Reviewed by Carl Zimmer
Many plants grow a thick coat around their seeds. The coat, called an elaiosome, doesn't do the seed any good, at least directly. Its immediate job is to attract an insect known as the winnow ant. (The photo here shows winnow ants discovering blood root seeds.) The eliaosome releases fragrant odors that lure the ants, which carry the seed into their nest. There they gnaw away at the coating but spare the seed. The ants then carry the shucked seedback out to the forest floor, where it germinates.
The winnow ants thus act like gardeners, protecting the seeds from predators that would destroy the seeds, while also spreading them far from their parent plant. Remove winnow ants from a forest, and its populations of wildflowers will shrink.
As a resident of the northeastern United States, I always assume that all the magnificent examples of coevolution must be going on somewhere else. The jungles of Ecuador, the Mountains of the Moon--these are the places where nature-film producers go to find species exquisitely adapted to each other. This, of course, just belies my far-less-than-complete education in natural history. While reading Dr. Eleanor's Book of Common Ants, I discovered that winnow ants are abundant in New England, along with the rest of the eastern United States. The next time I am out on a walk in the local woods, I'm going to keep an eye out for these elegant little insects.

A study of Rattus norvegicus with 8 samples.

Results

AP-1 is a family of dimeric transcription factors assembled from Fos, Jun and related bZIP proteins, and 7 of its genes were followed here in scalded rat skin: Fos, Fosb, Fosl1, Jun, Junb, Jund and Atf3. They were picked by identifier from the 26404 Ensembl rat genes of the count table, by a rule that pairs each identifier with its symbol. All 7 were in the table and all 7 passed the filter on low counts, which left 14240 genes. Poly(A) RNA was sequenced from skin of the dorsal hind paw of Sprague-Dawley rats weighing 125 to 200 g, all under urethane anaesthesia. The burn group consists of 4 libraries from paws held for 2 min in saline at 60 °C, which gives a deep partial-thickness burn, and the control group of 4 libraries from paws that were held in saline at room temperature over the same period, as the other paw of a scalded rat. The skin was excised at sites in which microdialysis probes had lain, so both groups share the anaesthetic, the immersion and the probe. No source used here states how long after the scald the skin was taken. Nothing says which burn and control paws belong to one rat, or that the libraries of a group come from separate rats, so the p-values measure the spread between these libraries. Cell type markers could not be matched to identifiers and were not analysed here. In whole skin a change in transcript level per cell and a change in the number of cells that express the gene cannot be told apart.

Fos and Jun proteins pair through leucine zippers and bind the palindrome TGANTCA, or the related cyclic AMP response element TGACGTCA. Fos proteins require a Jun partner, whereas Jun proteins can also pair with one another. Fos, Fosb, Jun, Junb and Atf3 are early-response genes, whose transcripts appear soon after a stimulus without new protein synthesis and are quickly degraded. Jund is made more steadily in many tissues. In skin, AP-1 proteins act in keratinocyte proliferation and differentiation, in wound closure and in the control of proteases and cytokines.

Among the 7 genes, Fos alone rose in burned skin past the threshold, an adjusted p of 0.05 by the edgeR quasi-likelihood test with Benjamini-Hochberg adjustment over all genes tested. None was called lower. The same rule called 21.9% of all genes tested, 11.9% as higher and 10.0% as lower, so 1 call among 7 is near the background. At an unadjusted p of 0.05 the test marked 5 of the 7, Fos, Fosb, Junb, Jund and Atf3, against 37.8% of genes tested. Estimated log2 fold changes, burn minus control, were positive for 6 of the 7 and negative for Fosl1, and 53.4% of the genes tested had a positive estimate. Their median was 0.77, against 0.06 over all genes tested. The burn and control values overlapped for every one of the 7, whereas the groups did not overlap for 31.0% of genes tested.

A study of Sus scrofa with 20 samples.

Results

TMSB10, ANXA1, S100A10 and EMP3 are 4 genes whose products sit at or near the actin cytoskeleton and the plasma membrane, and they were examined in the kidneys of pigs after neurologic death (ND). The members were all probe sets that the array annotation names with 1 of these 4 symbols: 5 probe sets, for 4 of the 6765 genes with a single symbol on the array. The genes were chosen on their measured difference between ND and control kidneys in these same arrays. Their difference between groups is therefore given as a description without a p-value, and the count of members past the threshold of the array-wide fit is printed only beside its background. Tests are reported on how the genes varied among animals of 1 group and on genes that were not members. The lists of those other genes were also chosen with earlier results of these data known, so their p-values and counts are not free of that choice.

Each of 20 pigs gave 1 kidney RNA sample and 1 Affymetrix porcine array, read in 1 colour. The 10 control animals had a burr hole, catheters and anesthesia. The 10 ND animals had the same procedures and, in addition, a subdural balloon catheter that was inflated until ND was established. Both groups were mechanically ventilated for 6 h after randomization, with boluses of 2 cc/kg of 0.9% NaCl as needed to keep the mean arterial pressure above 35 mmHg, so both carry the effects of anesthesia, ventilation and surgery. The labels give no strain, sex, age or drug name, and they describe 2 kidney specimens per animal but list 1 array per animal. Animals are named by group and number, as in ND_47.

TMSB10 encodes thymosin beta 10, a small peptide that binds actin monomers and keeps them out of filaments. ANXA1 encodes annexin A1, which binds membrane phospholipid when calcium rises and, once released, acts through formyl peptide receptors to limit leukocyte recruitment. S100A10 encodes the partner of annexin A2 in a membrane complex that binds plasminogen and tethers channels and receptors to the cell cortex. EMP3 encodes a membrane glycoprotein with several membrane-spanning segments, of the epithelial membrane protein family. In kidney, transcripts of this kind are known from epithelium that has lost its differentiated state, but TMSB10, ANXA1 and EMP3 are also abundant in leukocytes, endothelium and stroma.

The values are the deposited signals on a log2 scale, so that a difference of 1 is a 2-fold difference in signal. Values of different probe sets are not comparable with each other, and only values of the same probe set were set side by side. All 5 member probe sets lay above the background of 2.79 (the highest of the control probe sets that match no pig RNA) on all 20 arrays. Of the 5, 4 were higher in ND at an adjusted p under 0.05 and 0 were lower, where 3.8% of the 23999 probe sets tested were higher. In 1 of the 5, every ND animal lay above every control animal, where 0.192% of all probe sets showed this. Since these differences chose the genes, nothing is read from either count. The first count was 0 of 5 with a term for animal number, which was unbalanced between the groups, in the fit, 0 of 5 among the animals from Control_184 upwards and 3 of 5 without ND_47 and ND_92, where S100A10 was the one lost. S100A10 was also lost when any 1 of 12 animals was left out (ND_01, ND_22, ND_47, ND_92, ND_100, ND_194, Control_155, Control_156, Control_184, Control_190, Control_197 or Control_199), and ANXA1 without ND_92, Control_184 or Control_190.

Dr. Eleanor's Book of Common Ants is itself an elegant little book--and an instructive example of how ebooks can become a tool in the growing citizen science movement. "Citizen science" typically refers to research that relies not just on a handful of Ph.D. researchers, but also on a large-scale network of members of the public. Birders have been doing citizen science for over a century, and now the Internet enables people to collaborate on many other projects, from mapping neurons in the eye to folding proteins to recognizing galaxies. Many of these projects yield solid scientific results (see this paper in Nature, with over 57,000 co-authors as an example). They also provide a new way for research to draw non-scientists into their world.